Pubdate: Sat, 27 Oct 2001
Source: Hamilton Spectator (CN ON)
Copyright: The Hamilton Spectator 2001
Author: Lee Prokaska, Municipal Affairs Reporter


The region's fledgling needle exchange program distributed 3,641 new 
needles to drug users in four months of operation. The program, called 
Exchange Works, also handed out a range of safer injection equipment 
including cotton filters, sterile water, tourniquets and alcohol swabs, as 
well as 890 condoms and 226 packages of lubricant to promote safer sex 
practices among intravenous drug users.

And 20 people who made contact with a needle exchange outreach worker were 
referred to other agencies for counselling.

"Initially, you need to build trust before people can identify that they 
are looking at different issues in their lives," said Denise Mousseau, a 
community outreach worker with the city of Hamilton. "It takes slow, gentle 

The continuation of a needle exchange program has been approved by regional 
council, although it must still get through the budget process intact.

The $40,000 pilot program, which got up and running last May, is expected 
to cost about $80,000 annually.

In its first four months of operation, the program had contact with 78 
people, with 30 repeat contacts. Seventy-two of the contacts involved an 
exchange of needles or injection equipment. A staff report to the region 
indicates the average age of clients was 26 and the primary drugs of choice 
were steroids, heroin, cocaine and prescription opiates. Twenty of the 
contacts also involved counselling in areas such as safer injection 
practices, safer sex, safer steroid injection, HIV/AIDS, hepatitis and 
prevention and treatment of sexually transmitted diseases.

Community-based organizations that support the needle exchange program say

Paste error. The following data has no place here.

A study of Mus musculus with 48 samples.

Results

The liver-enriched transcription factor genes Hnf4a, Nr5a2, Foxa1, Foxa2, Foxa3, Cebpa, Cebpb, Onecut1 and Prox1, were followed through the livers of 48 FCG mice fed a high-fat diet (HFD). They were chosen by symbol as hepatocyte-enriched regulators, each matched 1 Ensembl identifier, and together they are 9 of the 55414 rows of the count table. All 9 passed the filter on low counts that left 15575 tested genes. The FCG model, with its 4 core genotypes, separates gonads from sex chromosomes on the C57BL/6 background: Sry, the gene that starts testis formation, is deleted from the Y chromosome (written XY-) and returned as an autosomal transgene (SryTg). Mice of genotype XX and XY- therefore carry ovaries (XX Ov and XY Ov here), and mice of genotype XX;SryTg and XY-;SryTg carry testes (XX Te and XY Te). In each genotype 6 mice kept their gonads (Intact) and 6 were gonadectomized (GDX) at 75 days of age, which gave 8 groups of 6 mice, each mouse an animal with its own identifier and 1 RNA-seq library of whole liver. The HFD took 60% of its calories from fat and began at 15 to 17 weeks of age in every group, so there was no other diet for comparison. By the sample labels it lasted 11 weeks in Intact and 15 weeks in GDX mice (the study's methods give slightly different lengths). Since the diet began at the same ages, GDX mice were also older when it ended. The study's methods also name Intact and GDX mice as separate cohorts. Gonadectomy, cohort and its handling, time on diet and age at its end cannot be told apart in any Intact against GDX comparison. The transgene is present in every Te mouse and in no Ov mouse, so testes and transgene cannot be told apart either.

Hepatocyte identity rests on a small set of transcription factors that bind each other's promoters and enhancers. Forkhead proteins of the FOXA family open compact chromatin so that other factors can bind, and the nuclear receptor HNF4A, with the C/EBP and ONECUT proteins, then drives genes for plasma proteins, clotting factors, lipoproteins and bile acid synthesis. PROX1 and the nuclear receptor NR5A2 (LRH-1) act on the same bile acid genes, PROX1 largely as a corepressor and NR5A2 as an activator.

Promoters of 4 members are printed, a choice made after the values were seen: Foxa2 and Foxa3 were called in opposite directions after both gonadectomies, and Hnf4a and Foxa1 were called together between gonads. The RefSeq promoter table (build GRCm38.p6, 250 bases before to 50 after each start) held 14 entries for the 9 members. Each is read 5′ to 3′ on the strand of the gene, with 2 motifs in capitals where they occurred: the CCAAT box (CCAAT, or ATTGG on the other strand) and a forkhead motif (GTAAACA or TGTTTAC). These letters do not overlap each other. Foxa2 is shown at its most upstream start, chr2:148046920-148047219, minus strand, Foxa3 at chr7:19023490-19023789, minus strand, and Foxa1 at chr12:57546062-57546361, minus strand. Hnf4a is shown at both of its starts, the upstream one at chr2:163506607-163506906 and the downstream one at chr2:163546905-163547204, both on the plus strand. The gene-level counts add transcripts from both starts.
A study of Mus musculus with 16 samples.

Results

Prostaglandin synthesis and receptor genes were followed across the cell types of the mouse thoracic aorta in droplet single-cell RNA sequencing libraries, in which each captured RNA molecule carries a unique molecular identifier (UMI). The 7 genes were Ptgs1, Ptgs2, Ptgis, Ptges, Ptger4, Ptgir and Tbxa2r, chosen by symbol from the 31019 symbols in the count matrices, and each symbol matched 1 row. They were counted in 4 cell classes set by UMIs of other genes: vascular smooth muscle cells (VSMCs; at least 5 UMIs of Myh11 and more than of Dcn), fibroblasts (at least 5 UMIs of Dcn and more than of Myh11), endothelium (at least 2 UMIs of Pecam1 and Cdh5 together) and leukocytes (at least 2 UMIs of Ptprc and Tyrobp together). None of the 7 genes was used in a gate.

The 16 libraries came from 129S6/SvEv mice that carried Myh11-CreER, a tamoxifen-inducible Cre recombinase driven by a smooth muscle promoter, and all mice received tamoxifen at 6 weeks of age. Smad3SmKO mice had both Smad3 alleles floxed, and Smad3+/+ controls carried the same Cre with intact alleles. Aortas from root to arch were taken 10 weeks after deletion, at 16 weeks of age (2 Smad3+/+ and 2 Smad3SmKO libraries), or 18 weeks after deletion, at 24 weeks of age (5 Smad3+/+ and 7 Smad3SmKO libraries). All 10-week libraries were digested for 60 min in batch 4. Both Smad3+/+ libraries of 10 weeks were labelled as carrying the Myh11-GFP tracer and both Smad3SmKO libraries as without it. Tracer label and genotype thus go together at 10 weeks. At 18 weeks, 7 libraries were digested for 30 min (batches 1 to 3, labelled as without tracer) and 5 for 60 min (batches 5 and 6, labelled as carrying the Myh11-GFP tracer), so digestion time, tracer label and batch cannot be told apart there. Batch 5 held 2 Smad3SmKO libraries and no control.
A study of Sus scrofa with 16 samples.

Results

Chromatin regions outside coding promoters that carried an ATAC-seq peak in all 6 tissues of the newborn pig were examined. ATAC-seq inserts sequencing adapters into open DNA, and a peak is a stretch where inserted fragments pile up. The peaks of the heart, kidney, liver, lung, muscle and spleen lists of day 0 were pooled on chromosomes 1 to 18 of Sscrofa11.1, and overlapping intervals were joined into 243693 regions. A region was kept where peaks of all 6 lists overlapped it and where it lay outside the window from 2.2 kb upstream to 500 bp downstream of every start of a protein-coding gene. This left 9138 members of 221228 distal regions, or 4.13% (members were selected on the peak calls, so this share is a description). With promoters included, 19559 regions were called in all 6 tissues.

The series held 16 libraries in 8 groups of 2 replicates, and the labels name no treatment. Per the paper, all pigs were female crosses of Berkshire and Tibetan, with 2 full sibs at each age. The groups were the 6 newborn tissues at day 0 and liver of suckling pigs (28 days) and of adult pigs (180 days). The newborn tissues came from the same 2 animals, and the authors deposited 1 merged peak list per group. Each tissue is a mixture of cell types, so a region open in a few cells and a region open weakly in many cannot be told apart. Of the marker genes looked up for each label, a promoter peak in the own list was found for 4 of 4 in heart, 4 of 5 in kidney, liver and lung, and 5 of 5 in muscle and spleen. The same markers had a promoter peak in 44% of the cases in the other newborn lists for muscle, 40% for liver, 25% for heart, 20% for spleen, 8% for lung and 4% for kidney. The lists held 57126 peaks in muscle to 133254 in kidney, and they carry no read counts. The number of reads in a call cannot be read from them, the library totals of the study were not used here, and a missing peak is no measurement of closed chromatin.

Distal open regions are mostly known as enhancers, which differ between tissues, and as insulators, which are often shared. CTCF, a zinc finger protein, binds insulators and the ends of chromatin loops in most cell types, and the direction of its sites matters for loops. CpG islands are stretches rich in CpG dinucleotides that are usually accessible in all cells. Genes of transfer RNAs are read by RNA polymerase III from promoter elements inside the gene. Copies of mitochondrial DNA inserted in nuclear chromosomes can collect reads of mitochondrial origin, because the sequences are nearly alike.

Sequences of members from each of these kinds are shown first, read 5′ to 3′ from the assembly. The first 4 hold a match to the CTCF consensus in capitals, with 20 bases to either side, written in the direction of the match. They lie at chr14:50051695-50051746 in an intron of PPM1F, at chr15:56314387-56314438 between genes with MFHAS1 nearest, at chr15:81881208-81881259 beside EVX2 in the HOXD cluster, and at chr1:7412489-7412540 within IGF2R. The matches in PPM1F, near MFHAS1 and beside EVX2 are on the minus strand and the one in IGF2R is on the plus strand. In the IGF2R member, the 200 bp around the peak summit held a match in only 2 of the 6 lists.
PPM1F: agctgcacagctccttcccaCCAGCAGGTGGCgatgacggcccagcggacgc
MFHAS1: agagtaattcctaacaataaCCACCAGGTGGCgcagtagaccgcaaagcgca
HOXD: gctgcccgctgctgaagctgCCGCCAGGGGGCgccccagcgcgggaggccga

the people it reaches are a difficult group to serve.

"Because it's a hidden population, we can't be assured of their safety," 
said Jennifer Spears, program manager with Halton's ADAPT (Alcohol and Drug 
Assessment, Prevention and Treatment). "It is a difficult population to 
access and this program provides harm-reduction strategies because we can 
educate them about not sharing needles and using condoms. But it's also a 
bridge to treatment for this group."

ADAPT is among the organizations that make up the needle exchange advisory 
committee, which was created more than a year ago to provide advice and 
evaluate the program.

All the Exchange Works contacts so far have been through a mobile outreach 
service, not through any fixed sites. The contacts are spread -- somewhat 
unevenly -- throughout the region, with three in Georgetown, eight in 
Acton, 14 in Oakville, 38 in Milton and 45 in Burlington.

The apparently high number of contacts in Milton caused concern for Milton 
Councillor Richard Malboeuf, who questioned whether the numbers indicate a 
drug problem in his town.

But Dr. Bob Nosal, the region's medical officer of health, says Milton is 
no worse than any other community.

"So much of it depends on contacts, supports that exist, networking within 
the various populations," Nosal told a recent meeting of the region's 
health and social services committee. "There is no evidence that there is a 
drug problem in Milton that is higher than any other community in Halton."